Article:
Finance · June 30, 2020

The Ins and Outs of Angel Funding as a Path for Business Growth

As you prepare to accelerate the growth of your company and expand your geographic footprint, product line or service delivery capability, you should consider all your funding options. While business loans are a common source for this increased need in cash flow, angel funding is another option that many companies pursue.

But is angel investment the right fit for your business? That depends on your cash flow, structure and specific needs.

Angel funding defined

An angel funder invests their money at the early stages of the business, often before products have even hit the market. This is a time when others often aren't prepared to invest. An angel investor usually provides cash in exchange for equity or convertible debt, which is debt that can be converted to equity at a later date.

Most financial angels are accredited investors. As defined by the Securities and Exchange Commission, accredited investors are individuals whose annual income is at least $200,000, or $300,000 jointly with a spouse, or who have a net worth of at least $1 million. Some angel investors end up being directors, partners, board members or executive officers at the companies they help fund.

Pros and cons

Because angel funding is equity—or, in rarer cases, interest-free or deferred debt—you make no payments until your business has the financial strength to do so. That means angel investment comes with a certain peace of mind. If your company fails, the angel investor will only get what the business can provide after paying creditors.

Angel funders who are entrepreneurs, corporate executives or industry specialists can also provide you with invaluable insights, guidance and contacts to help your company grow. And knowing you have someone who believes in you and your business can boost your confidence.

There are also some drawbacks to angel funding to bear in mind. Your angel may become more involved in the business than anticipated. They might oppose your efforts in specific areas or question expenses you want to make, which could derail your plans.

Another potential issue is dilution, which can affect both company founders and investors. As the business grows, an angel's initial investment becomes a smaller percentage of the company's value. This leads many angel investors to seek anti-dilution clauses, which protect their portion of shares. These clauses often have the opposite effect for the founders by decreasing the amount of the company's shares they hold in the long term.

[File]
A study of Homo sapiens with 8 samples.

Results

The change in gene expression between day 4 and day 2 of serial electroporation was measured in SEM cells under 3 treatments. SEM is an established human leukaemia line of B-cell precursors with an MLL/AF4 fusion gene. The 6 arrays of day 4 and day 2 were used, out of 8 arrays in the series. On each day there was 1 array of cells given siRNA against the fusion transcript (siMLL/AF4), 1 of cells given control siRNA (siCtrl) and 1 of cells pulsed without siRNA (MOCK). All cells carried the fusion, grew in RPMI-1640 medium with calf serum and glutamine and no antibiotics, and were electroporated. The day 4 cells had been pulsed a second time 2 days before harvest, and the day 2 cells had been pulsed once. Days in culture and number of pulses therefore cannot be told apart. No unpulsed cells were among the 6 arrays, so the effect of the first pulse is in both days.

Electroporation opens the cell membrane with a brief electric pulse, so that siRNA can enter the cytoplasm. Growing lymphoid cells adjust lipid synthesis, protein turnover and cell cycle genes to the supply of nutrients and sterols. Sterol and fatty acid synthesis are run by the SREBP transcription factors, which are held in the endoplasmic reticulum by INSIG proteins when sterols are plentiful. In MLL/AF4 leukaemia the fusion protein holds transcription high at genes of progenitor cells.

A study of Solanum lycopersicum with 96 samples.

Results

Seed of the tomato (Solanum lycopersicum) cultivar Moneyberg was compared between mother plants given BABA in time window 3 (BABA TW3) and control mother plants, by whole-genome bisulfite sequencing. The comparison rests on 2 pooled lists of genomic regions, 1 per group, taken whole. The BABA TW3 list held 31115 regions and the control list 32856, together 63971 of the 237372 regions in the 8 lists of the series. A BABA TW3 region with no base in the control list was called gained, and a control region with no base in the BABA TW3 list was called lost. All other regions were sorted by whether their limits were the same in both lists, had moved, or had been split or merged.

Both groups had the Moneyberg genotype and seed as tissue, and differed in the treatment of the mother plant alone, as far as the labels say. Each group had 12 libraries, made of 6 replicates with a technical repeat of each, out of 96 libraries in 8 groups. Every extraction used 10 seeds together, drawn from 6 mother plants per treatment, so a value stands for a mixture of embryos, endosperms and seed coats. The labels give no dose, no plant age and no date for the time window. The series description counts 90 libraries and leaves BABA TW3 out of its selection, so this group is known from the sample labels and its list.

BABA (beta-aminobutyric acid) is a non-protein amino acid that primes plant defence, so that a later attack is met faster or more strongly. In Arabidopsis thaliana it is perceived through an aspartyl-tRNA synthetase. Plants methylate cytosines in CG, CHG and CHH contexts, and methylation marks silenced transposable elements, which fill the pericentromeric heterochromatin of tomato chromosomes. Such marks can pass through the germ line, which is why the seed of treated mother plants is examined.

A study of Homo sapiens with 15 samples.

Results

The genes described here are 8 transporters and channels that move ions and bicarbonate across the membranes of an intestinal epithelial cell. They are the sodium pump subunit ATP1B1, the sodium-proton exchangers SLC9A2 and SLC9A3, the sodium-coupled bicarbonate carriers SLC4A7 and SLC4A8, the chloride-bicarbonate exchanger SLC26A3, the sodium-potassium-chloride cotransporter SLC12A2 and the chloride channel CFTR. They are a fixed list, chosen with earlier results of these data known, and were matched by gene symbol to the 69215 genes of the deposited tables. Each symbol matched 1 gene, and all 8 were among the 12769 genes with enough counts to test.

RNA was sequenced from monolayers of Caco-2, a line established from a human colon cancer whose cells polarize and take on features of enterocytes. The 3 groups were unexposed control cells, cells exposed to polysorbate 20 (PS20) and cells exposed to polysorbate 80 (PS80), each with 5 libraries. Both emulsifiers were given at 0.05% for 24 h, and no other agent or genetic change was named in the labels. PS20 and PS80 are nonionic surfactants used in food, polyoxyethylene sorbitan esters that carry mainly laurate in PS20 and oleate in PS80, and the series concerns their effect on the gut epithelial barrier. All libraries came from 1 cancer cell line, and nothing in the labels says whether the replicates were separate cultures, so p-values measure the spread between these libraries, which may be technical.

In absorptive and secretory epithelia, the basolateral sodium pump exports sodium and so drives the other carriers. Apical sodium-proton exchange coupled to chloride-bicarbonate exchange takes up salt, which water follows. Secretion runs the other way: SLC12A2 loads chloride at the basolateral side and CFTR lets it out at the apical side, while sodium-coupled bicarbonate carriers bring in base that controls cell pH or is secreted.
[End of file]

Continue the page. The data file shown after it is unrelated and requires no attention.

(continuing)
Profit reinvestment

Because of these drawbacks, some startups choose not to seek angel funding. Many founders prefer to maintain more control in shaping the direction of their companies.

An alternative to angel funding is profit reinvestment. This strategy involves ramping up your sales efforts and reducing or managing your costs to generate profits. Then, you invest those funds right back into your company. Those profits help you purchase the assets, hire the personnel or develop the products you need to grow your company. The drawback to this approach is that reinvesting your profits may mean you don't have as much upfront cash to grow other areas of the business.

One variation of profit reinvestment is to require your customers to prepay or make sizable deposits for the products or services they purchase. This can provide you with the upfront cash you need to fund your expansion. Then, you can ramp up sales and manage margins to produce profits that you can funnel back into your business.

When to consider angel funding

If you need funds to create intangible assets, such as software, angel funding may be an optimal solution. It might also be ideal if you need to develop and test a product or to enter an asset-intensive industry. Because angel investment offsets the need for cash flow, you can focus on creating or testing products or meeting customer needs, rather than how you'll pay your bills. However, if you have a service business such as consulting or marketing, consider requiring pre- or partial payment upfront. You could also sell discount service packages in advance of service to get the cash you need.

Many startups seek angel investment to accelerate early expansion. Still, an influx of cash in exchange for equity may not be right for every business. There's no one-size-fits-all solution. Angel investing is another tool in the funding toolkit that you can apply when it makes sense for your particular situation.